Search Google Appliance


News

Ken Ruoff, Ulrich Hardt win 2012 Oregon Book Awards
Author: University Communications, Graduate School of Education
Posted: April 24, 2012

Portland State University professors Ken Ruoff and Ulrich Hardt have won 2012 Oregon Book Awards honoring the finest work by Oregon writers. 

The awards were announced April 23 at a ceremony at the Gerding Theater in Portland. 

Ruoff (pictured left), a Portland State history professor who directs the university’s Center for Japanese Studies, won the Frances Fuller Victor Award for General Nonfiction for his book, "Imperial Japan at its Zenith" (Cornell University Press), explaining how Japan’s cult of the emperor fueled support for the militarism that set the stage for World War II.

"The award is representative of the strengths that Portland State University has in Japanese Studies and in History," Ruoff said.

His book reveals new details that challenge the conventional wisdom that the Japanese people were unaware of their nation’s march toward war. The year before Pearl Harbor, for example, Japan honored Emperor Hirohito with elaborate celebrations and staged events that traced back imperial rule 2,600 years to the first emperor, who was descended from a sun goddess according to Japanese myth. His previous book, “The People’s Emperor: Democracy and the Japanese Monarchy, 1945-1995” was awarded Japan’s literary equivalent of the Pulitzer Prize.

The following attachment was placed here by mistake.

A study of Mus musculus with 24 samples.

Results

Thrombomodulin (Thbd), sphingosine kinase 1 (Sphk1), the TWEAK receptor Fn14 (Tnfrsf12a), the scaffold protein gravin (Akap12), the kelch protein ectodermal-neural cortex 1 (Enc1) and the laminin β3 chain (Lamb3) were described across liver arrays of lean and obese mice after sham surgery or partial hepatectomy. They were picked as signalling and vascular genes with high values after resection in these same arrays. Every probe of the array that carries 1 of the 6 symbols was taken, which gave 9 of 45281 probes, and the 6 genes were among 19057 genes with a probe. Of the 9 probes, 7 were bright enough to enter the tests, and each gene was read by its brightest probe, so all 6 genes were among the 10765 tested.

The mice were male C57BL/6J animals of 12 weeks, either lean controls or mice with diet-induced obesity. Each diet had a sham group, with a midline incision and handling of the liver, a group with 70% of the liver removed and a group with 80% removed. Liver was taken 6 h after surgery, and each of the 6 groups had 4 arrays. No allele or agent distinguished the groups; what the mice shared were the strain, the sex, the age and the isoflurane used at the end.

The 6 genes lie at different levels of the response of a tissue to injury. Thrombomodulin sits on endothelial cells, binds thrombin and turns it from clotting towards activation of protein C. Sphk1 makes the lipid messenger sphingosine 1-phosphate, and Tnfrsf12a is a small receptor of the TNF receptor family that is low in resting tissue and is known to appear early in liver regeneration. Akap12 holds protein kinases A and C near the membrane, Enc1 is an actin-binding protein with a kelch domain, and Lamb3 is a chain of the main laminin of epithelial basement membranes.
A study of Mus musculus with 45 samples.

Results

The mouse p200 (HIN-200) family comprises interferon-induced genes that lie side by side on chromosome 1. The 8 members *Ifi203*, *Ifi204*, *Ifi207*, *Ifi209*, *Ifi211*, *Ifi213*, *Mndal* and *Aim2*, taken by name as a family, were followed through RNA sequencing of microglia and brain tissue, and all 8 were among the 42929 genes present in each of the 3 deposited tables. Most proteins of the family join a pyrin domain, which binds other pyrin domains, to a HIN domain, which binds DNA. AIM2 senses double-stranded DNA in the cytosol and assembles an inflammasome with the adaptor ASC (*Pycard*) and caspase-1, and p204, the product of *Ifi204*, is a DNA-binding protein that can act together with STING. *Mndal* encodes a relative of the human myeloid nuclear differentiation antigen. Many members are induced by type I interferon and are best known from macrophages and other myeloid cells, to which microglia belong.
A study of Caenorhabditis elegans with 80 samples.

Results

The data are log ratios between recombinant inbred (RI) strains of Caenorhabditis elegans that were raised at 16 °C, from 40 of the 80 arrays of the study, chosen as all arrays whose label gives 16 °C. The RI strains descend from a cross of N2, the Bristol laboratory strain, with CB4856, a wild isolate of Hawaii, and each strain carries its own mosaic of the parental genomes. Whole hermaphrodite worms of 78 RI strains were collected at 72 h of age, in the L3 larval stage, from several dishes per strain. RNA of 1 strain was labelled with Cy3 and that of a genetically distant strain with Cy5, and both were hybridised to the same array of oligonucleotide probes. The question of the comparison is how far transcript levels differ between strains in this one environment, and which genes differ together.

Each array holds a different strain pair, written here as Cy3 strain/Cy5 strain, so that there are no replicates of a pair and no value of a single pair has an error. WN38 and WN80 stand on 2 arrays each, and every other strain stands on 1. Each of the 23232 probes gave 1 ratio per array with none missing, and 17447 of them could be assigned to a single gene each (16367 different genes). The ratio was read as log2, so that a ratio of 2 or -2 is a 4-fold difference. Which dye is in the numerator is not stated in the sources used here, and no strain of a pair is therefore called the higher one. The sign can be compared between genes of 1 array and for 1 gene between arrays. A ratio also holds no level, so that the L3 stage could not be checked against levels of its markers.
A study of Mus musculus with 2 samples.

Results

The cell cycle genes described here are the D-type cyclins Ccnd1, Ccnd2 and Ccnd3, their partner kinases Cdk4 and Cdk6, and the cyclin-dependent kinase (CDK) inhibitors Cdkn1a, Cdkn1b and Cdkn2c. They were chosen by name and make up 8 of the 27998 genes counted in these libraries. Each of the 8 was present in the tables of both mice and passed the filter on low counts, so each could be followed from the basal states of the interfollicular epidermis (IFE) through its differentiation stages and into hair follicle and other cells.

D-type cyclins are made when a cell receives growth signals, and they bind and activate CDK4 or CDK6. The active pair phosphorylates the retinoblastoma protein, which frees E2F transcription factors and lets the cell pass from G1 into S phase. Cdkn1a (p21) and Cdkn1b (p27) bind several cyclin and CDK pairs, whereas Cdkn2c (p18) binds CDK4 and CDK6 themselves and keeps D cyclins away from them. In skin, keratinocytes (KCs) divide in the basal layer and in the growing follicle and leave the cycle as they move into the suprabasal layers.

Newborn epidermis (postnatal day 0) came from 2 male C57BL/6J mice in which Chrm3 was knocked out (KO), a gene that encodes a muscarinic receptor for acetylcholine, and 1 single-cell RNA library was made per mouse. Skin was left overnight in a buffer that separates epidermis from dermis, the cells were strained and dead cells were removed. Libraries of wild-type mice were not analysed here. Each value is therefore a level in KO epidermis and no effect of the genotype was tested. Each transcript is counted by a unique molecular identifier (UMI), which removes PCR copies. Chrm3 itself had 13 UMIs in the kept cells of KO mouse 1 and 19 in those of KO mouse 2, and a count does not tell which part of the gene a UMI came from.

Hardt, (pictured left) emeritus professor in the Graduate School of Education, won the Walt Morey Young Readers Literary Legacy Award in recognition of his contributions to the Oregon literary community. As a member and past president of the Oregon Council of Teachers of English, Hardt has edited the peer-reviewed Oregon English Journal for 25 years. Journal topics include educational, literary and global issues for all educator levels, elementary through college.

Also for 25 years, Hardt has directed the Oregon Writing Festival, which brings about 1,000 students in grades 4-12 to the PSU campus each spring. The festival recognizes and encourages the efforts of Oregon students and teachers to improve writing.